This is an archived article that was published on sltrib.com in 2012, and information in the article may be outdated. It is provided only for personal research purposes and may not be reprinted.
A Park City condo association will pay $20,000 to a disabled veteran, ending a legal conflict over whether the man should be forced to pay fees to keep a service dog that helps him cope with depression and anxiety.
The U.S. Justice Department sued the Fox Point at Redstone condo association and its management company in November, alleging that Thomas Burton, a combat veteran of the first Gulf War, was forced to move out of his rented condo because the association would not waive its pet fees and insurance requirements for Burton's service dog.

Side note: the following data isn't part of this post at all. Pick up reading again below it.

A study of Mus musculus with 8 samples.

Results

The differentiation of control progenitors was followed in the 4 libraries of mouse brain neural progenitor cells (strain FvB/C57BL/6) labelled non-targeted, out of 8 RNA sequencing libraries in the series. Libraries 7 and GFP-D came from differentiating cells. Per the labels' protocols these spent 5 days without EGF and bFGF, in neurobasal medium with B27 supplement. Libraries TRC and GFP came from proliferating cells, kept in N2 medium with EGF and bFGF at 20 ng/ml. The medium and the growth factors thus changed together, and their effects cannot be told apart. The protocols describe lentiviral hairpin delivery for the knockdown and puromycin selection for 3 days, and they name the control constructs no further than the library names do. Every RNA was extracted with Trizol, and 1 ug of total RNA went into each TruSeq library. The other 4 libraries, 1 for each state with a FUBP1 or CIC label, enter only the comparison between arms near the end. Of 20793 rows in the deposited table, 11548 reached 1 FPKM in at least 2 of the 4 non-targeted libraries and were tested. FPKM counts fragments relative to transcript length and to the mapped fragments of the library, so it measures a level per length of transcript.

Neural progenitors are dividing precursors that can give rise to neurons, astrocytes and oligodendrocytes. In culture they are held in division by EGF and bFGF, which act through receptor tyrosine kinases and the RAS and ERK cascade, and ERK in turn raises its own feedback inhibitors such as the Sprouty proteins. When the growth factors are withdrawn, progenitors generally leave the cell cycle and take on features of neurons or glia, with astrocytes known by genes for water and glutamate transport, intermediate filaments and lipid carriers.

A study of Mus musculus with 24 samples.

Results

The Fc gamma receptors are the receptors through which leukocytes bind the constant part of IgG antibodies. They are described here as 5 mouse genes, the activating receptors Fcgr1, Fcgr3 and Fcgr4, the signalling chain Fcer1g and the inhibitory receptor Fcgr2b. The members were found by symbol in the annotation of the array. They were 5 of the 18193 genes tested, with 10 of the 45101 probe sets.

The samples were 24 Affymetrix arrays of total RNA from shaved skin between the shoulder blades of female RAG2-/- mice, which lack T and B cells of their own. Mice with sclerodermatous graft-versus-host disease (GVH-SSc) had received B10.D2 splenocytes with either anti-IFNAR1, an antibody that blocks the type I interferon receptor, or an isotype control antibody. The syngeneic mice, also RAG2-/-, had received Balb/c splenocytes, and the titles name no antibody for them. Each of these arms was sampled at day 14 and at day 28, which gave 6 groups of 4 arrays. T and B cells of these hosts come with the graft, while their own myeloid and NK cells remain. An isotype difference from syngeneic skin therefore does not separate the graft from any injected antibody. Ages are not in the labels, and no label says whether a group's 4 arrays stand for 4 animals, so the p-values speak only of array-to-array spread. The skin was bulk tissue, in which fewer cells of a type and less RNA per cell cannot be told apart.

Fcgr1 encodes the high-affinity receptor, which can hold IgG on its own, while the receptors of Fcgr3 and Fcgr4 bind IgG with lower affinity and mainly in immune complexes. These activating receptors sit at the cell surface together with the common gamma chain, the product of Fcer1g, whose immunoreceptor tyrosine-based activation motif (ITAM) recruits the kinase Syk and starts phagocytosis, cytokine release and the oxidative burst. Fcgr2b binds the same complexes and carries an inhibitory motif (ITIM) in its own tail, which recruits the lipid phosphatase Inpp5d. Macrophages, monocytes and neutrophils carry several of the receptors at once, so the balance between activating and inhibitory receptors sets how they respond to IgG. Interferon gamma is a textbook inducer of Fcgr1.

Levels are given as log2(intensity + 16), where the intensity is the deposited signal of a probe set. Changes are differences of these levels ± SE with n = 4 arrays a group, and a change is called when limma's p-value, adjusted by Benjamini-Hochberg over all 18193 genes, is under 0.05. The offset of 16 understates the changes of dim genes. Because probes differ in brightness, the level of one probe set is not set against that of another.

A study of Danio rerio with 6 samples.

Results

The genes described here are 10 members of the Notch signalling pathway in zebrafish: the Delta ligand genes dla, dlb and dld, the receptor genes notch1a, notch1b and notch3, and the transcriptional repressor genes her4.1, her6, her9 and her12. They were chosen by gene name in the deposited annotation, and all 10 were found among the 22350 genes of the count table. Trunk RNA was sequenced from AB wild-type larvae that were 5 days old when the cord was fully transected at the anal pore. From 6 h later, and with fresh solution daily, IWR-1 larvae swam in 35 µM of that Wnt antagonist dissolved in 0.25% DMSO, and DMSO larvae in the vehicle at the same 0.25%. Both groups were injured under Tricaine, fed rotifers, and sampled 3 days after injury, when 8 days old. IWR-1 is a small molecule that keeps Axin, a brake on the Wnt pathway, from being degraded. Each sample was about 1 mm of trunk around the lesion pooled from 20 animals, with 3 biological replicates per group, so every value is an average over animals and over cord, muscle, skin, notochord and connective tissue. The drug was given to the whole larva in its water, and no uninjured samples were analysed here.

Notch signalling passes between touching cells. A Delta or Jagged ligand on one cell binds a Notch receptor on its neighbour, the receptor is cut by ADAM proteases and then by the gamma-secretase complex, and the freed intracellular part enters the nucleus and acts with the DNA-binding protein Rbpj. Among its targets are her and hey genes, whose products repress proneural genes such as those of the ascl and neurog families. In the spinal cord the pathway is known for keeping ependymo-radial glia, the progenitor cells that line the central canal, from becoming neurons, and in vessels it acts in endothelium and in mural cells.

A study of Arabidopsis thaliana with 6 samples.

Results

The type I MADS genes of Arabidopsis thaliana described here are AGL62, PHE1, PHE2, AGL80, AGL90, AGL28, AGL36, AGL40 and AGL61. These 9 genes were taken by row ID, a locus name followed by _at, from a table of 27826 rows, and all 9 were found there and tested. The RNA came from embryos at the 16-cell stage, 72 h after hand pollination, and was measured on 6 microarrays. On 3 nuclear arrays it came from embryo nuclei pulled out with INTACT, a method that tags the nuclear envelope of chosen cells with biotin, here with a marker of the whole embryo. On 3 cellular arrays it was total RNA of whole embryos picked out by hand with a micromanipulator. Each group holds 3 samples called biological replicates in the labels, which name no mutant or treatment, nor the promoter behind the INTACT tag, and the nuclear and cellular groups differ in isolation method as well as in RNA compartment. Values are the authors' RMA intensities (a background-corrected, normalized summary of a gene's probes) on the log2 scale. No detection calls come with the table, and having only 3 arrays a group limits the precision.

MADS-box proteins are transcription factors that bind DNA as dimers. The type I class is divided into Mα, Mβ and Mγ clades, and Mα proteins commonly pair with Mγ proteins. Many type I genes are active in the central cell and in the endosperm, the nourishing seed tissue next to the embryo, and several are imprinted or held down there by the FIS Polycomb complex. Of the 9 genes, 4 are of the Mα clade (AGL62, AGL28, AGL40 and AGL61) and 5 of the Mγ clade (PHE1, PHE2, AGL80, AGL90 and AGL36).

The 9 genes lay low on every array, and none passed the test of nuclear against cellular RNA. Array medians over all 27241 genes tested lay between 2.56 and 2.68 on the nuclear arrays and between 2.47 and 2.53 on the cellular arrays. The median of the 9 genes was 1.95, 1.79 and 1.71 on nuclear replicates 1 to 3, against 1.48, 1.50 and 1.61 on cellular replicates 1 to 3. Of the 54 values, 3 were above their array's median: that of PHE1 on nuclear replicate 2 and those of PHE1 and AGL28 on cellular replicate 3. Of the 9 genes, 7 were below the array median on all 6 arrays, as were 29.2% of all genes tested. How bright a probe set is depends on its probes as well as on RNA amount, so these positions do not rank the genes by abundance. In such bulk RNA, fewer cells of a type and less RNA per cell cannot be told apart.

The Justice Department claimed the association and Property Management Systems violated the Fair Housing Act by refusing to accommodate Burton's psychological disabilities.
On Monday, a federal judge signed a consent decree enacting the $20,000 settlement. The condo association and its managers also must attend fair housing training, stop requiring owners of service animals to pay for pet insurance and pet fees and submit to monitoring. The condo association must accept any service animal, regardless of its training or certification, if the owner provides written instruction from a doctor.
"No veteran should be denied the right to have a support animal when they return home with mobility impairments or other conditions," said John Tras-viña, the U.S. Department of Housing and Urban Development's assistant secretary for fair housing and equal opportunity.